NEW DELHI: Just a week after Moody’s upgraded India’s sovereign rating for the first time in 13 years, rival S&P Global Ratings opted to maintain status quo, sticking to its earlier rating of ‘BBB-’ — the lowest investment grade rating for bonds. While the agency acknowledged that India’s growth forecast remained robust for 2018-20 and forex reserves are expected to continue rising, it also said that “sizable fiscal deficits, a high net general government debt burden, and low per capita income detract from” India’s credit profile.
S&P also retained India’s ‘stable’ outlook over the next two years based on strong growth and fiscal consolidation forecasts. However, downward pressure on ratings could emerge if growth disappoints; net general government deficits rise sharply; or if political will to maintain the reform agenda loses momentum, it warned.
Coming in the wake of the government tom-tomming the Moody’s upgrade as a “belated recognition” of its efforts to strengthen the economy, S&P’s caution is set to give the Opposition more ammunition to question the Centre.
Government officials lost no time in terming the decision “a bit unfair”, with principal economic adviser Sanjeev Sanyal declaring that India’s low per capita income was not a “reflection on (India’s) ability or willingness to pay debt”. Economic affairs secretary S C Garg also pointed out that while the government isn’t disappointed, its expectation was that “S&P also takes into account what the government has done”.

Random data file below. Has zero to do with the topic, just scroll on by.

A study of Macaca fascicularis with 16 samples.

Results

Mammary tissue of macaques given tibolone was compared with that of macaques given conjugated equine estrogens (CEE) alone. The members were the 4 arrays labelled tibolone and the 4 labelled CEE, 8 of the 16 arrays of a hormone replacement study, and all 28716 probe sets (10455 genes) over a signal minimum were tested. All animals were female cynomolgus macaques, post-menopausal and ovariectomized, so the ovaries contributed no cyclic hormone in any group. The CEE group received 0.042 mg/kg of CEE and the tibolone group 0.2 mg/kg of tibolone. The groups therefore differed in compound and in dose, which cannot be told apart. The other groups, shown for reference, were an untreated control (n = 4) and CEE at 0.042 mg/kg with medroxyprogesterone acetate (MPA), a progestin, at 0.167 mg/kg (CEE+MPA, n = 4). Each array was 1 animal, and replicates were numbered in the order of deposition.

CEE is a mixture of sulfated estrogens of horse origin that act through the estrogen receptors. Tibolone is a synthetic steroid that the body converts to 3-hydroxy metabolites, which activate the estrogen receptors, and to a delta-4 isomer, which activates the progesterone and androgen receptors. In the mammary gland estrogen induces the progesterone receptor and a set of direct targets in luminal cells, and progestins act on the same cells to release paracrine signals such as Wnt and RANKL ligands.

Analysts indicate that S&P’s caution is likely due to its conservative bias, with the agency waiting for results of reforms and Centre’s willingness to stick to the fiscal consolidation path before venturing an upgrade. “A positive rating action seems most likely in 2018... because, resolutions will possibly start to happen in Q4FY18..,” pointed out Soumya Kanti Ghosh, group chief economic adviser, SBI.
Medium term outlook positive
S&P said that while one-off factors, such as demonetisation and GST, have led to some quarterly cooling in growth figures, the medium-term outlook remains favourable, based on private consumption, an ambitious public infrastructure investment programme, and a bank restructuring plan that should help revive investment.